UK Property Market Update: Q1 2023
The start of the spring season sees stability and confidence beginning to return to the market as it improves from the reaction following September’s mini-budget. I think we can all agree that the pace of the market reached an unsustainable level in the last two years, so it is good to see signs of a more ‘normal’ market. While extraordinarily low mortgage rates are no more, many buyers will find comfort in having more time to plan and secure their next move as we enter the traditionally busy spring-buying season.
According to the latest Rightmove House Price Index, the average asking price for a property in the UK has increased by 0.8% (+2,906) this month to £365,357. This growth has been steady but consistent throughout this quarter.
The report also highlights that there has been a 6% increase in buyer demand this month when compared to the same period in 2019 showing that there is confidence in the market.
During March we see the highest number of enquiries from buyers searching for their first, next or forever home. With so many buyers looking for their next property, this makes the end of March into April and onwards the prime time to put your property on the market to achieve the best possible price.
The South East of England property market has seen a similar trend to the national market, with a rise in property prices and demand for properties with more space, both inside and outdoors. According to the Rightmove House Price Index, the average asking price for a property in the South East has increased by 1.2% in the past month, and 1.8% in the past year, reaching a new average price of £482,388.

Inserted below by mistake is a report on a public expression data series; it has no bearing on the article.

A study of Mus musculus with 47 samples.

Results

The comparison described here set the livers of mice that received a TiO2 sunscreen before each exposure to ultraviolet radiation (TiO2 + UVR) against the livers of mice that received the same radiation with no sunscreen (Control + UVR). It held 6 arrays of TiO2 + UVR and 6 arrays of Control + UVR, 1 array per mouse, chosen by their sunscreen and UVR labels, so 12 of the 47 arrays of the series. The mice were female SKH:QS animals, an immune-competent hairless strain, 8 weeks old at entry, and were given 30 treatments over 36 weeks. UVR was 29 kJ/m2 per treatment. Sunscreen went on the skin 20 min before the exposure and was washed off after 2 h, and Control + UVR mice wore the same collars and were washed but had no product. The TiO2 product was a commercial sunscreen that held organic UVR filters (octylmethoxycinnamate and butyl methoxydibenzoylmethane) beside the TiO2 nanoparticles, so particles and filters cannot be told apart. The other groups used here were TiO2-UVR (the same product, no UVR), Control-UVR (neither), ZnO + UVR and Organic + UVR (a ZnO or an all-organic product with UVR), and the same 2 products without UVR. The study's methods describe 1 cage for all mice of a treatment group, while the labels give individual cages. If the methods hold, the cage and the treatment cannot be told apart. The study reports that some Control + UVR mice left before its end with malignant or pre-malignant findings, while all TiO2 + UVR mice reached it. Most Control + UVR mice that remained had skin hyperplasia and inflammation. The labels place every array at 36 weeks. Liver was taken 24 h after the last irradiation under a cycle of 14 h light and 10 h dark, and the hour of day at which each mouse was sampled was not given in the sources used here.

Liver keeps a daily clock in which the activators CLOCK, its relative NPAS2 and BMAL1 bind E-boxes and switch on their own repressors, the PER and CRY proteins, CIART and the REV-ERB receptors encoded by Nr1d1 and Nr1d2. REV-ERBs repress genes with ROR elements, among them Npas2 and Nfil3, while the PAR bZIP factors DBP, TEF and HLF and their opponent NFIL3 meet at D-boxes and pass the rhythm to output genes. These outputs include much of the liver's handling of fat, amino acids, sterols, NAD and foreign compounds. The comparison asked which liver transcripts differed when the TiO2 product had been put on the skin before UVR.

UK rents continue to grow at a record pace of around 10% when compared to this time last year according to HomeLet. Demand is being driven by economic factors. The increasing cost of homeownership coupled with the increased cost of borrowing makes for a challenging jump for first-time buyers looking to make the move from renting to owning, meaning they stay put for longer.
Section 24 Changes
In other lettings news, the UK Association of Letting Agents trade group is urging the industry to support a parliamentary petition that is calling to scrap the Section 24 changes to buy-to-let landlord taxation. These changes remove the right of landlords to deduct finance costs from their rental income before calculating their tax liability, which means they must now pay tax on their gross rental income.
This petition has gained over 37,000 signatures so far, and if it reaches 100,000 signatures by the 10th of May, it is likely that a Parliamentary debate on the subject would take place. While this does not guarantee any changes to the law, it is an important step in raising awareness of the issue and puts pressure on the government to consider its impact on landlords and the wider property market.
The changes to Section 24 were introduced in 2015 and have been gradually phased in over the past few years. They were designed to level the playing field between owner-occupiers and buy-to-let landlords, as the latter had previously been able to offset their mortgage interest payments against their rental income, reducing their tax liability.
However, the changes have had a significant impact on landlords, particularly those with highly leveraged properties, as they are now required to pay more tax on their rental income, even if they are not making a profit. This has led to some landlords being forced to sell their properties or increase their rents, which in turn has put pressure on the rental market.
If you have any questions about the current property market, please feel free to reach out to our teams who would be happy to answer any questions you have.